An exhibition of fine art nature photography by Tennessee native Benjamin Walls is on exhibit at the Tennessee State Museum. Entitled "Through Appalachian Eyes: The Fine Art Photography of Benjamin Walls," the exhibit features more than 50 nature images taken by Walls from Appalachia to Africa.
Walls is a self-taught fine art photographer who has been winning awards for his work since early in his career. Now 36 years old, Walls has shown his work at some of the world's most distinguished institutions, including the Smithsonian in Washington D.C. and London's Natural History Museum. Building upon his critical acclaim, he opened his signature gallery in his hometown of Bristol six years ago. There is no admission charge to the exhibit, which is on view in the museum's Changing Galleries.
At the age of 17, Walls took an 11-day-hike through the Great Smoky Mountains National Park that changed his life. His father dropped him off at the trailhead, and Walls trekked through some of the wildest and most beautiful sections of the Southern Appalachians. As he hiked, Walls took numerous photographs of the vistas that inspired him. He was fascinated by the diversity and beauty of life in the forests but when he returned home and developed his film, he was dissatisfied. Though his first efforts were disappointing, he pressed on. He returned to the wilderness again and again to practice, experiment and hone his skills. Using his native Appalachian environment, he began to refine his process until he produced images that translated his own experiences accurately for others.
What he accomplished in Appalachia inspired Walls to push geographic and artistic boundaries. His first international trip was a study-abroad experience in Australia, which gave him new ground to cover, both literally and artistically. During his semester at the University of the Southern Cross, Walls took every possible opportunity to hike and camp, capturing images that reflected his new passion for wilderness. He returned home with a drive to travel across the United States and the world, experiencing new environments and creating art that reflected his expanding creative abilities.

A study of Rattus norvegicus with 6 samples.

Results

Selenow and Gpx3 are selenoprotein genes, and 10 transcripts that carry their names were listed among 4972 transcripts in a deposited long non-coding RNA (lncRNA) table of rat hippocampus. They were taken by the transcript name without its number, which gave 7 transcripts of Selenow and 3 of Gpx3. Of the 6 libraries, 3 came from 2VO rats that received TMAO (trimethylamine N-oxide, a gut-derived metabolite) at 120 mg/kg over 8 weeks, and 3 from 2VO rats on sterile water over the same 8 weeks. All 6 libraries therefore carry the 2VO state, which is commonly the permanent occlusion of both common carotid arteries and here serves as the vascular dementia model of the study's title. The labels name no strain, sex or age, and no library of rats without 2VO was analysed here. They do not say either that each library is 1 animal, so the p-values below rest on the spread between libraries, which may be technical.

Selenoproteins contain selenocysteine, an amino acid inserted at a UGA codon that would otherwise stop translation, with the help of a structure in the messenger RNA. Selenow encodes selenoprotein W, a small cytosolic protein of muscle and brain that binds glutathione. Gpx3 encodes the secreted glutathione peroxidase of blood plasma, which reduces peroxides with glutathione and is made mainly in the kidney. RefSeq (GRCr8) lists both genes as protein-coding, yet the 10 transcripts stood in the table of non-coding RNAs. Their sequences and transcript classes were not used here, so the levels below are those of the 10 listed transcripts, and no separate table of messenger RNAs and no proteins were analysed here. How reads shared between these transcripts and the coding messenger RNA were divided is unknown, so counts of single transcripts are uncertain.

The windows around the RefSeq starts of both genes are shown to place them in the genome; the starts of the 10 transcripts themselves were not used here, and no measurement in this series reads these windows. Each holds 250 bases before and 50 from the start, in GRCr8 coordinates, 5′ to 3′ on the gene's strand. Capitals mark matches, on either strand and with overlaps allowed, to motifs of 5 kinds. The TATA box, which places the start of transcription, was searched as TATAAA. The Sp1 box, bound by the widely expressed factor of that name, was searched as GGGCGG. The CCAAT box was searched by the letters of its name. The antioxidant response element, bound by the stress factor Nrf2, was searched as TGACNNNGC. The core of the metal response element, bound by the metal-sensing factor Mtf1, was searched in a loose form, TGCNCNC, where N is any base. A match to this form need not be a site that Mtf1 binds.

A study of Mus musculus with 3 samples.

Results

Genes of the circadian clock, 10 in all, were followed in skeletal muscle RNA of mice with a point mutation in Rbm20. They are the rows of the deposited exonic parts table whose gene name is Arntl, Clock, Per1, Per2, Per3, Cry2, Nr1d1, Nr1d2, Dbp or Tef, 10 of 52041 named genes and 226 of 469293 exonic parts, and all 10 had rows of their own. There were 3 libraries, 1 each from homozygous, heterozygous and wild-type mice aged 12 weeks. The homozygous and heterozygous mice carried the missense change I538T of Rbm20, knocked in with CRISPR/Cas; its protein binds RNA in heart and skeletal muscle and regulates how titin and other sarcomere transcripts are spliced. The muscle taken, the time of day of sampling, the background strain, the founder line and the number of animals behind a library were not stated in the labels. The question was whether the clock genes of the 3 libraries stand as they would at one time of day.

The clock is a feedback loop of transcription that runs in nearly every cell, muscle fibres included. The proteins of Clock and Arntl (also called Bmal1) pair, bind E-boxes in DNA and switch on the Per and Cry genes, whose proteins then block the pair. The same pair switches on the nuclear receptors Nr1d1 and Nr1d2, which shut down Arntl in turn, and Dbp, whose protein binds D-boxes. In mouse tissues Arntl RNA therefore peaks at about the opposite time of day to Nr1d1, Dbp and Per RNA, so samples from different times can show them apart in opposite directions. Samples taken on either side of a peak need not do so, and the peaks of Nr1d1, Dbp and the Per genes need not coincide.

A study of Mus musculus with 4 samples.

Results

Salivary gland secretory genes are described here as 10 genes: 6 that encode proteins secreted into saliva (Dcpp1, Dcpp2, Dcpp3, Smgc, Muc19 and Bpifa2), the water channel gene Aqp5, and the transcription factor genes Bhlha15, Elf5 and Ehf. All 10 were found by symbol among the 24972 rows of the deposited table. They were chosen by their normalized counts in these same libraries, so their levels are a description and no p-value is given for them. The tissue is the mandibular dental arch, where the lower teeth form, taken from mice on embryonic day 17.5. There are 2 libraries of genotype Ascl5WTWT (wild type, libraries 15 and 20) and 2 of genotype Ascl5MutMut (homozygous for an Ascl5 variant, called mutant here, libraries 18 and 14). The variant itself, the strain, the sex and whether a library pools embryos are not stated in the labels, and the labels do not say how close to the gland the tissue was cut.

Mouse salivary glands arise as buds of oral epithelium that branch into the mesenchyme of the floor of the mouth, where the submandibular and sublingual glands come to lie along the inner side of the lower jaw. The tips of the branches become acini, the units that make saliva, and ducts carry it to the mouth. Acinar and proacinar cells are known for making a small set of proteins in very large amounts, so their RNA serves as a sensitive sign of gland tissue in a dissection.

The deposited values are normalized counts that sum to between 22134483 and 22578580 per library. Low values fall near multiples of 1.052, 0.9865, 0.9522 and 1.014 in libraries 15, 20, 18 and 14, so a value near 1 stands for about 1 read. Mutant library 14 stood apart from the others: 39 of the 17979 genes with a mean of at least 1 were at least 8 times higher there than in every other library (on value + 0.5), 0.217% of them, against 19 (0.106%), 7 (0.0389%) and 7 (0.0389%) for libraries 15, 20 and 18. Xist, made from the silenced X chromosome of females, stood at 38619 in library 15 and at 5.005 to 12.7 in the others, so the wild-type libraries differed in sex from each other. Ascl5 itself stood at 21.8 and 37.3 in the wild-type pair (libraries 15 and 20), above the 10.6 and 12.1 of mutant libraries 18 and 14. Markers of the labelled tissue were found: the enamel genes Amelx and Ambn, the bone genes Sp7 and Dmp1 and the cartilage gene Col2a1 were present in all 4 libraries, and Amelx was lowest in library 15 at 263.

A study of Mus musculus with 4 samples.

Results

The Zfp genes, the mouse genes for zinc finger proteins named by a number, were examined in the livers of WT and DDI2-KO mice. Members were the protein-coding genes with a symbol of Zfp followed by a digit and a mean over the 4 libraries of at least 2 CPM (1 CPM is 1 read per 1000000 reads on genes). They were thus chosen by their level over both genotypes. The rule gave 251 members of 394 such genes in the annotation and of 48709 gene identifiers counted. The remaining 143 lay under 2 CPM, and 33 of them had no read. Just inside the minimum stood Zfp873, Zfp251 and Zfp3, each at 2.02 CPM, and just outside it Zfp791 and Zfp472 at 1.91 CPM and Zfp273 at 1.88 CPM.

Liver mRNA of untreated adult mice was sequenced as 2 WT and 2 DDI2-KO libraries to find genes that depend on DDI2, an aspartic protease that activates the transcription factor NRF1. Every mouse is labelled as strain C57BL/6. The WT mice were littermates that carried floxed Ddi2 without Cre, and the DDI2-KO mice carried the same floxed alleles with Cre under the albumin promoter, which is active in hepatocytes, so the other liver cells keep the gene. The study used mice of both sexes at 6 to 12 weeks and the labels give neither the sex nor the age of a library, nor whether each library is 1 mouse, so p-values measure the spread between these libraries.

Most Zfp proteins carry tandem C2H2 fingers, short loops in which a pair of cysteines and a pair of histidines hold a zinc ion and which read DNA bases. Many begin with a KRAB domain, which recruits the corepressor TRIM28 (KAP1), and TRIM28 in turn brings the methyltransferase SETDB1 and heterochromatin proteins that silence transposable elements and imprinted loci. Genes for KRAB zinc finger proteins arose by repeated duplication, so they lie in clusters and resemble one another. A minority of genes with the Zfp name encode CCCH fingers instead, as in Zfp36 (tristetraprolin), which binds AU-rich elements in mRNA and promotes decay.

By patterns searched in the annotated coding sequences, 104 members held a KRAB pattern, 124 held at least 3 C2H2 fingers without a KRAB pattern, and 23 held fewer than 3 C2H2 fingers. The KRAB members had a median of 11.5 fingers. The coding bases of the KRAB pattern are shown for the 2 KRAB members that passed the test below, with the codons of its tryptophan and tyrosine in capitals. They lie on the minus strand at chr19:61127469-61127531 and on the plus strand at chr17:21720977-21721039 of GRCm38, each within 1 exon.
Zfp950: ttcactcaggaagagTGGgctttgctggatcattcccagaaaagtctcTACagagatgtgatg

Walls' art has a rare depth and breadth, according to Museum Director Lois Riggins-Ezzell. Some of his images focus on the smallest details: like shimmering ripples on the surface of a Western river, or a stunning mosaic of autumn leaves from the Appalachian forest. Others show the grandeur of nature on a large scale: waves crashing against huge cliffs on the Australian coastline or the vast beauty and open horizon of the African Serengeti.
"Through Appalachian Eyes: The Fine Art Photography of Benjamin Walls" is on view through Oct. 2. The museum is open Tuesday through Saturday, 10 a.m. to 5 p.m., and Sunday, 1 to 5 p.m. It is closed on Mondays. Parking is available in paid lots and is free in state lots on weekends only.